Republican elected officials on Capitol Hill probing former Secretary of State Hillary Clinton’s use of private emails, including freshman Sen. Tom Cotton (R-Ark.) and House Select Committee on Benghazi Chairman Rep. Trey Gowdy (R-S.C.), are getting that sinking feeling that Hillary’s email controversy won’t be enough to derail her Democratic bid for president. Forming the Select Committee on Benghazi May 8, 2014, the Republican National Committee hoped that it would provide death to Hillary by a thousand cuts in the run-up to the 2016 election. While secretary of state from Jan. 21, 2009 to Feb. 1, 2013, Hillary used her husband’s, former President Bill Clinton’s, Chappaqua, N.Y.-based private email account, compromising rules adopted Oct. 2, 2009 by the U.S. Code, modifying the 1950 Federal Records Act, requiring electronic records preserved on government email accounts.
While changes to the U.S. Code occurred after Clinton took office Jan. 1, 2009, the spirit of the law required her compliance for official government business as secretary of state. When the New York Times reported July 23 that two inspectors general asked the Justice Department to open a criminal probe into Hillary’s email practices, the report was quickly dispelled. Justice Depart officials, headed by Atty. Gen. Loretta Lynch, now indicate that the probe in not criminal but only checking whether classified information was transmitted via Hilary’s private email account. Cotton and Gowdy were ecstatic over the early New York Times’ report, suggesting Hillary was named in a criminal probe. While denying that any private emails transmitted as secretary of state were classified, an independent Inspector Generals’ report told Gowdy’s committee that at least four emails contained classified material.
Capitol Hill conservatives hoped to use Hillary’s email practices to prove she lacks the credibility to be president. Confirming that targeting Hillary’s emails have paid off, a July 14 Quinnipiac University poll, headed by Peter Brown, showed that voters in swing state find her less trustworthy. Whether that translates into anything significant some 15 months from the election is anyone’s guess. Most national polls show Hillary easily beating hypothetical GOP candidates in a national election. While the GOP plans to keep Hillary’s email issues in the public eye between now and the election, the fact that Lynch controls the Justice Department doesn’t bode well for Capitol Hill conservatives gunning for Hillary. When news of Hillary’s email issue broke March 11, former Secretary of State Colin L. Powell [Jan. 20, 2001 to Jan. 26, 2005] admitted using a private email account at the State Department too.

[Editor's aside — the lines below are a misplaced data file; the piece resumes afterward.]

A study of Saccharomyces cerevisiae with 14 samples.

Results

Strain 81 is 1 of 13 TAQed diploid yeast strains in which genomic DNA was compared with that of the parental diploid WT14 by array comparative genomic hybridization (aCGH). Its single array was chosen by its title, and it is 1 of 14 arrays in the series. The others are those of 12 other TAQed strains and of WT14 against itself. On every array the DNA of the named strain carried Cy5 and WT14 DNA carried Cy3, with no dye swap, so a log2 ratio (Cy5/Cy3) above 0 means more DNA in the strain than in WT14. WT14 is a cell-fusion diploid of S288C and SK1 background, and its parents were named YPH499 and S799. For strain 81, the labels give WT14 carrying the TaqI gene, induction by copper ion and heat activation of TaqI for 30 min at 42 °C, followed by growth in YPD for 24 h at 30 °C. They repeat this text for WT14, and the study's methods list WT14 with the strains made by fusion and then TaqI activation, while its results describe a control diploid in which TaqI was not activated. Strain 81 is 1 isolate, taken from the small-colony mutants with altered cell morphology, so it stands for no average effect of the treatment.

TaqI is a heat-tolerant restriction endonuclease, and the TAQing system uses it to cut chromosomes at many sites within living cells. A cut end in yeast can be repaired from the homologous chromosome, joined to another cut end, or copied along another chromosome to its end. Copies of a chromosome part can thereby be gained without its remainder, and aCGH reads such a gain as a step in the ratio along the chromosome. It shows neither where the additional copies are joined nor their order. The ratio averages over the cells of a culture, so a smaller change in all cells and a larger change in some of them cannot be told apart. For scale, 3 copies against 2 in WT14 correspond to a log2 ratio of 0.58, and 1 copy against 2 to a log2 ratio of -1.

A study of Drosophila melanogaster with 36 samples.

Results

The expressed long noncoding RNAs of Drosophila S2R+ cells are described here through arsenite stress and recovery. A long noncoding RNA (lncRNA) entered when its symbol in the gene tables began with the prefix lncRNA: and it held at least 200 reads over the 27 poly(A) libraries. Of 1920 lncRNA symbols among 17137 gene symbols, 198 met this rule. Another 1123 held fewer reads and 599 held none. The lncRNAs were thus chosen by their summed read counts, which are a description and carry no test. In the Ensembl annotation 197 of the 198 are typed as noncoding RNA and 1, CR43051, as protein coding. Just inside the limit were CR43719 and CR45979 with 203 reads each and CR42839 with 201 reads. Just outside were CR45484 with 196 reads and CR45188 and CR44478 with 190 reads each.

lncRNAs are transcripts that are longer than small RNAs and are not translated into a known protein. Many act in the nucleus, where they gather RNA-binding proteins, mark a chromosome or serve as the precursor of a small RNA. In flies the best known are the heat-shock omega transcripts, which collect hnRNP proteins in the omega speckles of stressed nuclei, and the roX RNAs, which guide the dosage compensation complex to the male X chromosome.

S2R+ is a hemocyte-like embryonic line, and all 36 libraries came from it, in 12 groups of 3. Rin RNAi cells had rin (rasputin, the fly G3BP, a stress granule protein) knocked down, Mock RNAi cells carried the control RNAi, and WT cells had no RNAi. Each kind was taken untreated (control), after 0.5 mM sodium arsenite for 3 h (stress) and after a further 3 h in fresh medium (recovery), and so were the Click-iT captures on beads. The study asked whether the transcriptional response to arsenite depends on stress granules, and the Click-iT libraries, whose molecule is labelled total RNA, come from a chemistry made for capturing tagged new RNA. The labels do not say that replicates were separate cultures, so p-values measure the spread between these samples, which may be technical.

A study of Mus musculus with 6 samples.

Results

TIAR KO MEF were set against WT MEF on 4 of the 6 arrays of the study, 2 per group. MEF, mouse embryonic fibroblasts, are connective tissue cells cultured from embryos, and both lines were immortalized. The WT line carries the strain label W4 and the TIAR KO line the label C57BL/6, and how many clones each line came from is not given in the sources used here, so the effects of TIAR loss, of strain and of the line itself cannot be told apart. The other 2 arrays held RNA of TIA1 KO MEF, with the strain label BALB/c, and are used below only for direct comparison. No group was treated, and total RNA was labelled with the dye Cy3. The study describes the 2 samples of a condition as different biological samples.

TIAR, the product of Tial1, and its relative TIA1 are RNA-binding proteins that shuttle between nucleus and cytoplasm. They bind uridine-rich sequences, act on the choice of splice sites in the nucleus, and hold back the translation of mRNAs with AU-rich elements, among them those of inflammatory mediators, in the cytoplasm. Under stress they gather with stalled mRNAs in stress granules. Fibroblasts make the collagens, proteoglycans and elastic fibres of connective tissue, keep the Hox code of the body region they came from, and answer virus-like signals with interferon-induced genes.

Capitol Hill Republicans hoped they could find a smoking gun when it came to Hillary’s culpability in the Sept. 11, 2012 Benghazi, Libya attack on the U.S. mission, killing Amb. Chris Stevens and three other Americans. Saturation right wing news coverage attempted to show that Hillary was negligent ordering more security for the remote diplomatic outpost in war-torn Libya. “Like Secretaries of State before her, she used her own email account when engaging with any Department officials,” said Hillary campaign spokesman Nick Merrill. Clarifying that any Justice Department probe of Hillary’s emails at the State Department was not criminal unofficially limits the political fallout. While conservative media outlets won’t let go of Hillary’s email controversy anytime soon, the public shows signs of growing tired of what’s become egregious election year politics.
Releasing 55,000 work-related private emails March 10, Hillary hoped that would be the end of what’s become a political headache. Admitting now that she should have used her state department email, Hillary insisted March 11 she did it out of expediency because she wanted to use one cell phone. Whether or not that’s plausible is anyone’s guess. Whatever gaps exist in Hillary’s emails, she’s prepared to live with the consequences, knowing in a long presidential campaign voters have more pressing concerns than speculating about missing emails. Hillary claim that whatever’s missing, their personal emails related to her mother’s funeral or daughter’s wedding to Wall Street investment banker Marc Mezvinsky. When the Justice Department clarified that it was not a criminal probe, Hillary’s detractors groaned, hoping that they could still do damage to her 2016 campaign.
Deciding to not pursue a criminal probe into Hillary’s email, the Justice Department threw Capitol Hill Republicans for a loop. While the email issues impact Hillary’s credibility today, it’s bound to fade over time when voters consider real differences between Democrats and Republicans. Whether or not former Secretaries of State Colin L. Power or Condoleezza Rice [Jan. 26, 2005 to Jan. 20, 2009] used private or government emails, Hillary’s actions stand on their own, showing, if nothing else, she did it her way while at the State Department. No doubt Secretary of State John Kerry uses his government email, with or without the hubbub over his controversial nuke deal with Iran. No longer concerned about a criminal probe, Hillary can exhale heading into the 2016, knowing whatever her positions on key issues will either make or break her White House dreams.